Recovering (From) Faith: Not Missing God


I thought it would be a lot harder, a lot more traumatic. I thought it would be like falling off of a cliff forever but it wasn’t. The truth is that I was never a very good Christian. The truth is that the things that I miss are way more about my place in a world that I knew than they are about God. I don’t know really what that means. In some ways, if I’m honest, it makes me feel bad. Which is strange, it shouldn’t matter. What difference does it make now if I was a bad Christian then? Obviously it all ended up as nothing in the end. I guess I feel like it was more of a waste. I want to say that I dedicated my life to this and that it was all a waste of time but the truth is that I didn’t. Honestly I just coasted in the reality I was in.

I can’t escape it even now. I know that I may believe in evolution but when I think about the beginning of the world, on a core level I think of Adam and Eve. I know that I think Noah and the flood as a literal story are kind-of nonsense but I believe it. Some strange, tiny part of me believes it. Maybe always will. I don’t fight that. I don’t see a reason to. We are who we are. The stories that shaped us stay with us, they’re the dna that formed our world. I don’t always need my stories to make rational sense, they just need to resonate on some other level. I don’t even mind that those stories directly conflict with the things that matter most to me. I have other stories, new stories, and I think someday those will probably burrow deeper. It takes time.

But the point is that I thought all of this would hurt more. I don’t talk to God anymore. I did for the first couple of months, occasionally. Not even like asking him to say something, not begging him to ask me to stay, just… out of habit. I don’t know if God is there. I think if there is a God there, it’s not the one I was raised with. I’m not afraid of him or her anymore. I think they’d understand. But you know. It was supposed to matter. Do you know how many hours of my life I spent on this? Because I don’t. I’m embarrassed to admit that maybe it wasn’t even passion, maybe it wasn’t even need. Maybe it was just habit. Maybe it was just the sheer force of programming. When I said I didn’t believe in God anymore, that I didn’t believe in these things it seemed like the bottom fell out of my world but it was just a framework. It wasn’t really God. I had to struggle to regain my equilibrium not because I was missing anyone in particular but because I had identified as something for so long and now I didn’t. I still struggle with that sometimes but it doesn’t hurt.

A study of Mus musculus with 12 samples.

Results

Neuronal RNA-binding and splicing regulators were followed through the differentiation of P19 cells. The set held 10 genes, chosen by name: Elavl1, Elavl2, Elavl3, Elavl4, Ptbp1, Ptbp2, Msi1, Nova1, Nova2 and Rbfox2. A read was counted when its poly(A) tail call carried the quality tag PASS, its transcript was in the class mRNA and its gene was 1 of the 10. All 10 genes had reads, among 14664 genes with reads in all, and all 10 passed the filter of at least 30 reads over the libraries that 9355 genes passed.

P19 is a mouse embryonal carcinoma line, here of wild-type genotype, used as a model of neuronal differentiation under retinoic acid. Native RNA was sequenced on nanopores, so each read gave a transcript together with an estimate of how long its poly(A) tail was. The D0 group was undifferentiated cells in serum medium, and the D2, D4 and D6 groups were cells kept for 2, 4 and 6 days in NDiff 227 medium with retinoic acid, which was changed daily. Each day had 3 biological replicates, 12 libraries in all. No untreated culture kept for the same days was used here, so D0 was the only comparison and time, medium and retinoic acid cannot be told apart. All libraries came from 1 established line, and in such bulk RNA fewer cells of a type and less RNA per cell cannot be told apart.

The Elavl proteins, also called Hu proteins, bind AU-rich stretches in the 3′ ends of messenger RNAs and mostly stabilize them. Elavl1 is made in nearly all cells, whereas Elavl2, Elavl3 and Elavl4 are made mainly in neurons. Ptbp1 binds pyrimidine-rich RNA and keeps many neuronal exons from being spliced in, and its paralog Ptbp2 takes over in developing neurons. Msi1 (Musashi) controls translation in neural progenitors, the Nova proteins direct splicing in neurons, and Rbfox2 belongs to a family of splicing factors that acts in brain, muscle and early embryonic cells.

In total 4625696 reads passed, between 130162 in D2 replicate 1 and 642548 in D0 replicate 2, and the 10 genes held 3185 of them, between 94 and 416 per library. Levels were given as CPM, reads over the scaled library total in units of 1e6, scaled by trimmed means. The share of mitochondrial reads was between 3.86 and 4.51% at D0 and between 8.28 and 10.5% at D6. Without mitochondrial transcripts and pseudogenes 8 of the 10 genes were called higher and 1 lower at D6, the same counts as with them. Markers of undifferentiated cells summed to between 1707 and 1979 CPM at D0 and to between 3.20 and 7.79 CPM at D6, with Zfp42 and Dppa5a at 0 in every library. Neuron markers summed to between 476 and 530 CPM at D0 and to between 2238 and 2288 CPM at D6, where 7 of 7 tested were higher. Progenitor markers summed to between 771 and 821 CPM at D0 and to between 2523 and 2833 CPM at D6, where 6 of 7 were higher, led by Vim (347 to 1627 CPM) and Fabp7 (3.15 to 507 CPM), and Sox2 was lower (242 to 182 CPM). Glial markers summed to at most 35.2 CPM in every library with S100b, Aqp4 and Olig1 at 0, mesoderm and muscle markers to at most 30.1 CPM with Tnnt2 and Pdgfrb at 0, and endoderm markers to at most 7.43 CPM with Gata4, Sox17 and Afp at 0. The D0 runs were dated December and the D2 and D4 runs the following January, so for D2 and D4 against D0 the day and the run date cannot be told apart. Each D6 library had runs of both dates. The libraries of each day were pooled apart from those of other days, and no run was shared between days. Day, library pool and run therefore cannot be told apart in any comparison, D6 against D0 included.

I read blogs about people leaving faith. I read a lot of turmoil and I’m fascinated by it. I’m empathetic. I also feel like I’m doing it wrong. Or, more likely, that I was doing it wrong. They miss their faith because their faith mattered more to them to begin with. They left something that was more real to them, they felt like they left someone. It was a death, it was a loss. I have lost a lot of things in the last year or two. I’ve lost some friends, I lost my parents, I lost whatever community I was part of. But I don’t feel like I lost God.

People told me it would be different. I mean, partly I assumed that it had to be a disaster because how can giving up something that central not be a disaster but also people told me that it would be. I was told that they hoped I found my way back to God before I hit bottom and was alone, I was told that they just didn’t want me to get hurt, that this would end badly. Always there was this sense of impending doom. It had to be a really huge deal. I didn’t realize, at least not for a while, that the reason it had to be a huge deal may not have been entirely about me at all. I believe people were genuinely worried about me when this happened, that there are people who still are. It’s just that maybe some of that is about them, not about me.

But on that note, do you know what I hate most about this? Because I know how this goes, even though this is not the point and shouldn’t be the point at all. I hate knowing how certain people would interpret this experience. “Oh. Well. She was never really a Christian to begin with.” And that would make them feel better. That would be the explanation for why I did this thing and that would somehow make it okay. I don’t want it to be okay. In truth, there are people I know my story makes very uncomfortable and I want them to be uncomfortable with it and I hate that this gives them an out. I mean, there’s a split of course. People who believe you can lose salvation vs. people who believe you can’t. But no matter what camp you’re in, it’s a lot easier if you believe I was just never “saved” to begin with. If you look at my life and say well, it’s very sad she wasted all that time, maybe God will still get to her. It devalues my experience, it’s a way to write off the genuine things that happened. But unfortunately you can’t stop other people from trying to define your experience for you, especially if that experience makes them uncomfortable.

I don’t miss God. I feel better than I ever have. I feel like I should feel differently but I don’t. And I guess people will interpret that however they need to.